Paper cores consist of single-ply or multiple layers of compressed paperboard. Products provide a surface that will allow flexible materials to be wound around them. Some paper cores are designed to provide resistance. These products may be used in a variety of operational tasks that are conducted in an industrial setting.
Coated And Non-Coated Products
All paperboard products originate from trees. Sliced wood is mixed with water and run through equipment that blends the two ingredients into a slurry. After cleaning the mixture, flat sheets are dispensed and compressed. Paper cores contain a coated or non-coated surface. The coating may provide water resistance or be intended to add strength to a paperboard product. Paper cores include a line of products that are tightly bound and have a small opening on either side and large, cylindrical products that are long and wide.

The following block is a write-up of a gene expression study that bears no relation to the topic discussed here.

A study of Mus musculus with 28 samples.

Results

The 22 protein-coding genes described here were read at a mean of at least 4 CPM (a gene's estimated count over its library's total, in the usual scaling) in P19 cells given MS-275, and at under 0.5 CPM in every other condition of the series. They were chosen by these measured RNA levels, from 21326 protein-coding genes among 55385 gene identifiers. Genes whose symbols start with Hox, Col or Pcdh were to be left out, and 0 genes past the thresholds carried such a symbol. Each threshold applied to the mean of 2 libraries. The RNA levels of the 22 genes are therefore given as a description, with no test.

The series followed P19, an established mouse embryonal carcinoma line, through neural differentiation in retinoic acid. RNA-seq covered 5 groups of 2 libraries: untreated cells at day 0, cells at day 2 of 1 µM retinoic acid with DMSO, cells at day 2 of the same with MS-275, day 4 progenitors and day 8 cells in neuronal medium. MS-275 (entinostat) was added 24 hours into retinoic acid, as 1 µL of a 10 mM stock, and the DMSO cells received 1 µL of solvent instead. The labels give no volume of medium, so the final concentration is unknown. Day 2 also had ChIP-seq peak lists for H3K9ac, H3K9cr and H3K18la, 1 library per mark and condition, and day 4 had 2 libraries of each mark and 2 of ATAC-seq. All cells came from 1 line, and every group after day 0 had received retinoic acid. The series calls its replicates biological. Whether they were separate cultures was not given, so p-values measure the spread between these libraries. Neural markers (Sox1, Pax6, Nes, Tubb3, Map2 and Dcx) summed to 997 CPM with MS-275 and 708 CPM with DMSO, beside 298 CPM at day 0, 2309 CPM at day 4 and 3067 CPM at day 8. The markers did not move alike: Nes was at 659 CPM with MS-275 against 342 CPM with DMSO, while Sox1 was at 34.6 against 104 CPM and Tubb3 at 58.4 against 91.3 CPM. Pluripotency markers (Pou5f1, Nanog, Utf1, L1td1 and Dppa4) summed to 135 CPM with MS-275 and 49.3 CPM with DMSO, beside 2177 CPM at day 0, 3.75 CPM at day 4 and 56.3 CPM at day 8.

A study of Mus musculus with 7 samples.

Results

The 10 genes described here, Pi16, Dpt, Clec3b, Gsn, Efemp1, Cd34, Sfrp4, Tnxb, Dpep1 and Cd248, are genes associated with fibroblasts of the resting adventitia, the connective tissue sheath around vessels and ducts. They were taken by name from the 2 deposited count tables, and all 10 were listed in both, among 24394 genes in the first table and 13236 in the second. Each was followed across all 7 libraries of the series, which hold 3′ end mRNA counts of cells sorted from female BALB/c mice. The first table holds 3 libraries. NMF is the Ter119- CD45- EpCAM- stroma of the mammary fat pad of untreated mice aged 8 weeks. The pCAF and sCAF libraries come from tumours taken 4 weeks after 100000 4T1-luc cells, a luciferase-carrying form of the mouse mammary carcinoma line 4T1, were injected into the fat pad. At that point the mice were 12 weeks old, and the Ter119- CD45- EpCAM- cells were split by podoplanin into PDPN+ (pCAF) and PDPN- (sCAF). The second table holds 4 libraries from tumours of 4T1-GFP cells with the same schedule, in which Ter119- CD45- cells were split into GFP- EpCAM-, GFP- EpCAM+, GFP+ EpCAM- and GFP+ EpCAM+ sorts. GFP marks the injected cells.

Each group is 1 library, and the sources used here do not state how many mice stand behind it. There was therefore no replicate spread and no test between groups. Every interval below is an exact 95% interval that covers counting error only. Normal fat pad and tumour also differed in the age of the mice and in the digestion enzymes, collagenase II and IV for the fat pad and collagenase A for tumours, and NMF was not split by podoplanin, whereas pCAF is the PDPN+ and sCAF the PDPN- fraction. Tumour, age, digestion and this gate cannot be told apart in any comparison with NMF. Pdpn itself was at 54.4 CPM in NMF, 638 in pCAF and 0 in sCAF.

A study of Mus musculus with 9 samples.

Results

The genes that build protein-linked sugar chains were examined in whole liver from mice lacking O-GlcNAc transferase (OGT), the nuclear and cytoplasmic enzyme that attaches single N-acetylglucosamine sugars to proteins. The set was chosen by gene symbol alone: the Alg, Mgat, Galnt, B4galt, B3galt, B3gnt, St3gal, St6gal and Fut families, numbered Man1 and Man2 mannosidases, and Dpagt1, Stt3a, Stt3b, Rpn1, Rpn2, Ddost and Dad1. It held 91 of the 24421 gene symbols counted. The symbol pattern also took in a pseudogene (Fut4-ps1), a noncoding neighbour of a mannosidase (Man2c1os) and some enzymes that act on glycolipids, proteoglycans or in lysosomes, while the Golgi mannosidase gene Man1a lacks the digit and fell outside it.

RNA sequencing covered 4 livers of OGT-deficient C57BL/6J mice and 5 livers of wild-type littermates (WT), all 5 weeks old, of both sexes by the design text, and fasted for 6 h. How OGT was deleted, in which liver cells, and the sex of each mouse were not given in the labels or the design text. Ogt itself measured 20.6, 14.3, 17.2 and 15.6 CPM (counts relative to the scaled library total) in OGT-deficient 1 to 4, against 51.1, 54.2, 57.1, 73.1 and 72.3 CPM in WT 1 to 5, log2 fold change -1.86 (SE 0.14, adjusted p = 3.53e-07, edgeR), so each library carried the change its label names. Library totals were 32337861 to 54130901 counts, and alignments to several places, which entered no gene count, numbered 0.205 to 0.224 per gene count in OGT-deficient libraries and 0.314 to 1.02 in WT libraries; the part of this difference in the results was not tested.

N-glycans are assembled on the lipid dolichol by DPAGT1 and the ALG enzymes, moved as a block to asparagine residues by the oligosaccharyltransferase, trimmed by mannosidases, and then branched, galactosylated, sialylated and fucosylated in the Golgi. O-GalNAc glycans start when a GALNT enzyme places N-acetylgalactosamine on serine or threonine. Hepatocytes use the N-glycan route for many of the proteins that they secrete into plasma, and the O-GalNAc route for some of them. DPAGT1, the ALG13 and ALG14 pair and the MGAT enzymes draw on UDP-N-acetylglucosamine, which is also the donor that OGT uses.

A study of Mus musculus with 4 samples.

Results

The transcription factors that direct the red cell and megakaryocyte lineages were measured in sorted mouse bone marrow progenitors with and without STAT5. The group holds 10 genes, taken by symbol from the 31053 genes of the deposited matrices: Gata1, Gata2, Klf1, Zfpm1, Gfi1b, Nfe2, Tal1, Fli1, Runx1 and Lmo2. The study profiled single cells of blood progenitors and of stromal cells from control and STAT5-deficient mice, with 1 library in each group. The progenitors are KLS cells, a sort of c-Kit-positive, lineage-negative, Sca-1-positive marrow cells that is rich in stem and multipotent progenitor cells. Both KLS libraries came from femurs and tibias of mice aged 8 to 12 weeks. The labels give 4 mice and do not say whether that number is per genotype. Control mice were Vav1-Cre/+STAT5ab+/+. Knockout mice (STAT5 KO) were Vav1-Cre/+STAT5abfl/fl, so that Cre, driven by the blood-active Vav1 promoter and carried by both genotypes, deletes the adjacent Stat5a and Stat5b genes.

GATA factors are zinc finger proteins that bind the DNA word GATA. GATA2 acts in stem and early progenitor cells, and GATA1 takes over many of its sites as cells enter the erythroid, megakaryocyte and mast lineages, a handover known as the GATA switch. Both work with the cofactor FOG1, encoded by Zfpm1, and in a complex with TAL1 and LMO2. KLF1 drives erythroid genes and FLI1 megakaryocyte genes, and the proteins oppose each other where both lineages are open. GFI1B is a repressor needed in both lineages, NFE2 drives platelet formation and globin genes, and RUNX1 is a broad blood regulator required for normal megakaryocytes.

The Design Of A Core
Paper cores tend to fit into one of two design types. An angled core is formed by winding paperboard at a slant. As the pieces are wound next to each other, a long tube is formed. A convoluted core is formed by winding paperboard in a parallel format. As the paper sections are wrapped, a paper core will contain visible markings that are perpendicular to the lengthwise shape of a core.
Angled cores are similar to the ones you would see in the center of a toilet tissue roll or a paper towel roll. Convoluted cores are similar to those you would see in the center of receipt paper rolls. A convoluted core is typically stronger than an angled core. This type of core offers high bend strength and crush resistance.
The Anchoring Process
A spindle, a metal bracket, or framework pieces may be used to hold paper cores in place. Some retailers may sell cores that come with anchoring pieces. The accessories may include the pieces that are needed to attach a core to a large display frame.
If you own equipment that already utilizes paper cores, purchase replacement cores or have current cores reloaded by sending an empty core to a supplier or a refilling center. There is equipment on the market that will allow materials to be quickly wound around cores. An automatic winder is something that you may want to invest in if you prepare rolled products "in-house". If you will be winding a minimal amount of materials around a core, the winding process can be conducted by hand.